Menstruation is a process during which women normally shed the lining of the uterus at regular intervals under the influence of the female sex hormone, oestrogen. At about the age of 45 to 50 the ovaries stop making oestrogen and the withdrawal of the hormone results in stoppage of the monthly menstrual periods. This is called menopause and it happens naturally to all women sooner or later but may also be induced if the ovaries are removed or stop functioning for any other reason.

  • What does oestrogen do?

    Oestrogen along with another female sex hormone, progesterone plays an important role in developing the female body and its functions, most notably pregnancy. Development of breasts, broadening of hips and functions of the vagina, uterus and other female organs depend on oestrogen. With progesterone, it maintains the cyclical periods and prepares the uterus for pregnancy. Other beneficial effects include maintaining bone growth and protecting the heart by increasing the good cholesterol (HDL) and lowering the bad cholesterol (LDL). This is why women are less prone to heart attacks before menopause. This protective effect is lost after menopause.

  • What are the symptoms of menopause?

    The majority of women will observe some symptoms during menopause, but the intensity of these varies in different women. Irregular bleeding - Menstrual periods have three normal patterns of stopping: they may suddenly stop, they may come on time, but keep reducing in the quantity of flow till they finally stop or they may keep getting delayed till they finally stop. Heavy or frequent periods are NOT normal. Hot flushes - This is the most prominent symptom. There is a sudden sensation of heat that spreads to various parts of the body, particularly the face. Flushing and sweating may occur. These flashes of warmth last a few seconds or minutes. These are more common in the first few years after menopause but may continue for many more years. If they occur very frequently, they can be the cause of social embarrassment. These flashes may be brought on in hot and humid weather, by drinking caffeine or alcohol or eating spicy foods. Vaginal thinning and dryness - Due to oestrogen withdrawal, the vagina becomes thinner and dry. This makes sexual intercourse painful. There may be associated itching and irritation. Regular sexual intercourse may help keep the vagina moist and toned. Mood changes - Women become irritable and anxious around menopause. There may be loss of memory and concentration and lack of energy. Depression may also be present. These symptoms may not be a direct effect of oestrogen withdrawal, but may be compounded by career pressures, sexual inadequacies and loss of fertility and body image. Sexuality - Several factors adversely effect the libido or sex drive. Besides the mechanical factor of vaginal dryness that makes intercourse painful, mood fluctuations and lack of energy all contribute to a poor sex drive. Osteoporosis - Bones become thin, weak and are more likely to break. This happens because the oestrogen that helps reduce bone absorption is no longer available. Osteoporosis is more likely in Asian women, and those that are slim built. Cigarette smoking increases the risk of developing osteoporosis. Heart disease - Women lose the protective effect of oestrogen in preventing heart disease after menopause. They then become susceptible to heart attack as much as men. This risk is increased if the woman is obese, has high blood pressure or diabetes, smokes cigarettes and does not do any physical activity regularly.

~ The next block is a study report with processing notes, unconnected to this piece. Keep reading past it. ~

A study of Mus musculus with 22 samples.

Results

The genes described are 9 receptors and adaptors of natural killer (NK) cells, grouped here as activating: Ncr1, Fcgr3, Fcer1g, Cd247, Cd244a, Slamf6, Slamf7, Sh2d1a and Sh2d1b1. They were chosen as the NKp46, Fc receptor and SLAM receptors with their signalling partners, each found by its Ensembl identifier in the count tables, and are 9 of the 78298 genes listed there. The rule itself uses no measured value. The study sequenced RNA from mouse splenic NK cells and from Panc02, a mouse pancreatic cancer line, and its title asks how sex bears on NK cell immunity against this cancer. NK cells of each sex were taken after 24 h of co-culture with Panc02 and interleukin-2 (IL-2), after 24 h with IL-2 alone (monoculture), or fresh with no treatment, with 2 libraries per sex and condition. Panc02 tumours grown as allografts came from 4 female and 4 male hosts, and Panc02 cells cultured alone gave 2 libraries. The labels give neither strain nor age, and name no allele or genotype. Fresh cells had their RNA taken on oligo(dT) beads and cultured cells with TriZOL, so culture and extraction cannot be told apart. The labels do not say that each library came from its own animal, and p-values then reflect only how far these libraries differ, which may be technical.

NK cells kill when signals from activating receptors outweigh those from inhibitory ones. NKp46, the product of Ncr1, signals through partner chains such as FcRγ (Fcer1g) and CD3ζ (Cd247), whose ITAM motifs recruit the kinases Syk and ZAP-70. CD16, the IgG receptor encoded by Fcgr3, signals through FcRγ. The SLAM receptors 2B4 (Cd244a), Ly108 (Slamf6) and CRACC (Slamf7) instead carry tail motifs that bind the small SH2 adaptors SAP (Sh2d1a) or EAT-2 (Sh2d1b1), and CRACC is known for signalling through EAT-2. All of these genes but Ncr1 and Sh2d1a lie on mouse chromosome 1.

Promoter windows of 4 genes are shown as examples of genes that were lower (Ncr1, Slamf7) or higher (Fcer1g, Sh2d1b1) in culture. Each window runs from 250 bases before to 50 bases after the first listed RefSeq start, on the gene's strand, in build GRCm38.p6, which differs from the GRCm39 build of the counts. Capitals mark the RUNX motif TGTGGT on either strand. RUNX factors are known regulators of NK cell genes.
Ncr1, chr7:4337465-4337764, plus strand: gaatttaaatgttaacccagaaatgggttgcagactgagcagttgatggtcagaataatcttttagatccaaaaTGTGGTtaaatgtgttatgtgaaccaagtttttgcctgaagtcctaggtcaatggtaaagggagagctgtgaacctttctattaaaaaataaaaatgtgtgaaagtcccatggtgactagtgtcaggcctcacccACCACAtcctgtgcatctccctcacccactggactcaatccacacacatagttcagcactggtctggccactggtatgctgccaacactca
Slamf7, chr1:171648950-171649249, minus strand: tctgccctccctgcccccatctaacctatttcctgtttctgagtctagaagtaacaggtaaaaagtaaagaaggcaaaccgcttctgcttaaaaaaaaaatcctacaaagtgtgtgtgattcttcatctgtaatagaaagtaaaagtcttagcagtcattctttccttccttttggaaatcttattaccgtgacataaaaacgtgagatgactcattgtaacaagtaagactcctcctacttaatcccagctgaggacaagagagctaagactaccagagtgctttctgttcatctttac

• What can be done?

    Menopause happens to all women and cannot be prevented. The bad effects can be minimized by hormone replacement therapy (HRT). In this, oestrogen along with progesterone is given around the time of menopause. These reduce the symptoms of menopause, prevent bone loss and reduce the risk of heart attack. However, HRT is not without its risks, which may include cancer of the breast or the uterus. The risks and benefits of HRT must be fully discussed with the doctor before starting treatment.